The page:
When being asked the question “Where are your cleats at?” in Italian, it sounds like this: “Dove la sua scarpini?” What? Now imagine that being yelled at you by a boisterous, middle-aged Roman soccer coach who never fully explained if he had a real job, only mentioning that he had “meetings” to attend. Now take that image and amp it up. He was 5 feet 6 inches tall, had gelled brown hair with a part down the middle and a voice that could rival Morgan Freeman’s. He was simply terrifying. Now take it up another notch. This is the first time you have played any type of soccer in seven months and a voice muffled by a cigarette and strong Roman dialect tells you to go play soccer against Italian college-level players. Uhhh, “Si, singori,” I guess.
As I jogged with the John Cabot University Gladiator soccer team, which was the team for the school I was studying abroad at, I just kept saying the catch phrase over and over in my head, “Fake it ‘till you make it.” I had no business being on this field and really only came out to the practice because I was told that it was just a little pickup game where Italians play againstsome naïve, eager little American kids. I was in. But no more than ten minutes into practice the coach came up and asked that dreadful question, “Dove la sua scarpini?” I had no answer because I had no idea what he said.
One month later, our first game had arrived and it was a home game at a little soccer haven literally dropped in the middle of a neighborhood. At this point I had come to terms with the fact that I was actually on an Italian soccer squad and was keeping up with them. It was a totally different game than I had played in the states. Every mistake meant about five or six of your teammates yelling at you. The stands, filled with ridiculously drunk students laughing at you and the coach, whom you are deathly afraid of, throwing down his game-time cigarette and outlandishly screaming at you. To say the least, the games were intense.
As we changed before the first game, I realized I had not felt these types of nerves since my last competitive athletic event in high school. It was the same feeling you get before a big test or big presentation, the little ball of hornets tearing up your stomach as you sit getting ready for a game against a group of Italians that have breathed the game of soccer since they were two years old. Yeah, I was nervous.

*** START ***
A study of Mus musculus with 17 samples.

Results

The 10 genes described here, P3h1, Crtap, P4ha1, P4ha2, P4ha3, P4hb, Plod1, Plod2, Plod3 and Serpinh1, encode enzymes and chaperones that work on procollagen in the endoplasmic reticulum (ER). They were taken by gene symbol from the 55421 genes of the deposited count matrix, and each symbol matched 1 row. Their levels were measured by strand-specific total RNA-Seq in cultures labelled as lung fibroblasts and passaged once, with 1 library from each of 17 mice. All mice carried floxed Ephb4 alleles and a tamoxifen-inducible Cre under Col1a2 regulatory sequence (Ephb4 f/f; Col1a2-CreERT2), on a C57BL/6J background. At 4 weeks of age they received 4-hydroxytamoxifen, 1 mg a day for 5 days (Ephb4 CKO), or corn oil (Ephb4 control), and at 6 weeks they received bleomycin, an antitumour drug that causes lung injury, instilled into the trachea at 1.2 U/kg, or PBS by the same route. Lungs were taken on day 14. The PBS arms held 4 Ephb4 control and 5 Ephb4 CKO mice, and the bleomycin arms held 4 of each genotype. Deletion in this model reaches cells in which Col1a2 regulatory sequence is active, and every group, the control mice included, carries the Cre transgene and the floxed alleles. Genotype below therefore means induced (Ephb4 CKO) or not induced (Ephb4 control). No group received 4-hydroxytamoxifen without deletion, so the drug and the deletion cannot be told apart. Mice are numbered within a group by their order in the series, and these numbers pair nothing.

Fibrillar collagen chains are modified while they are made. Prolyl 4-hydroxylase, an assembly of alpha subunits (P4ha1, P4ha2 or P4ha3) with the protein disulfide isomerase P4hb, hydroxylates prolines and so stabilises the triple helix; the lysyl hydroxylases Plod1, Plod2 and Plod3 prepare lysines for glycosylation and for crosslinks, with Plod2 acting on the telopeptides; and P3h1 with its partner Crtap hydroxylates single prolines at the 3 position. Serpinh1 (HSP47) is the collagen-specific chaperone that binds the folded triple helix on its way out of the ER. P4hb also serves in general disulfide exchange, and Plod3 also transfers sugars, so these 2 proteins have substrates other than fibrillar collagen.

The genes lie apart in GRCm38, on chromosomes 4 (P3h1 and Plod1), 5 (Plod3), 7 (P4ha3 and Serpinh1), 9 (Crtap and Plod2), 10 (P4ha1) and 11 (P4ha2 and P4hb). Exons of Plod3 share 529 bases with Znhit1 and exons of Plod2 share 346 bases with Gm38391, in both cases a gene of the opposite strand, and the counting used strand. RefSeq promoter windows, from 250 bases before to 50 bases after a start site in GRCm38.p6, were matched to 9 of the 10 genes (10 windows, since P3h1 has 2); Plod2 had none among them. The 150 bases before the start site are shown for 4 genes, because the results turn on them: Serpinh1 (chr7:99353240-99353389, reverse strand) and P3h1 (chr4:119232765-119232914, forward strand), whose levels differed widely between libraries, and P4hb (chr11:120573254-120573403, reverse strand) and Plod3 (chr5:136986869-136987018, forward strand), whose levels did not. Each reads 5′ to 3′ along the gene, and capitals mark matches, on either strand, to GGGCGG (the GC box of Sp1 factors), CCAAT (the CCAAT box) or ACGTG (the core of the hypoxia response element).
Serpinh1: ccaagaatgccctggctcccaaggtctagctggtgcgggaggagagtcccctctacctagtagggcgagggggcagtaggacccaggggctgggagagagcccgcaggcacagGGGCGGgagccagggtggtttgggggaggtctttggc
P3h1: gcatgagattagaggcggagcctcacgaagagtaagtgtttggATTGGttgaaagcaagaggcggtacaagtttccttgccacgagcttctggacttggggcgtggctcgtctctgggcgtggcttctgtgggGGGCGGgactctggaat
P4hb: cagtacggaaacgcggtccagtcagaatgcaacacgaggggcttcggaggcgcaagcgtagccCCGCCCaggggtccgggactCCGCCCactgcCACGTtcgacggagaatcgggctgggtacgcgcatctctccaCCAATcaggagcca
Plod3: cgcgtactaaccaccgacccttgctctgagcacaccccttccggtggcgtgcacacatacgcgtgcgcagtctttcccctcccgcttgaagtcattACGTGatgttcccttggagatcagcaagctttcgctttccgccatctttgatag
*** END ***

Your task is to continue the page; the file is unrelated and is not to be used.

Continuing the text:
After two 30-minute halves and an inordinate amount of flopping, we beat the other squad. That all-too-familiar feeling of winning came back to me. The celebration was something I wasn’t ready for. After the whistle had blown, the team danced and sang its way up to the locker room where Italian national songs were belted out like a group of untrained teenage Pavarottis. I had played the whole game and had an assist. They were not asking me about my scarpini or my name anymore— they were asking where we were going to celebrate.
I had won a few big games before and received pointless gaudy trophies, but never in my life had I felt as accomplished as I did that night. After we danced, sang and drank our way through the worn cobblestone streets of Rome, I became an Italian soccer player. We finished our debauchery and settled into a 24-hour sandwich shop before heading home. It was 4 a.m. I had been the only American to stay with the Italians all night. As we started to say goodnight I was embraced as an Italian and we, men and soccer players, gave each other the universal “handshake hug” and two kisses, one on each cheek. Before that night, I would have never thought a kiss from a dude would feel so good, but it did. I had become a teammate.
As the season went on and my semester abroad got closer to an end, I began to see the significance of this experience. Being able to take my love of sports and athletics to create relationships in another country was amazing to me. I had always appreciated being an athlete, and when it was over after high school I was fine with it. But having that last competitive season as an athlete is something I hold on to.
But who knows, maybe now I’ll do it again and just hit up a rugby team in New Zealand… yeah, right.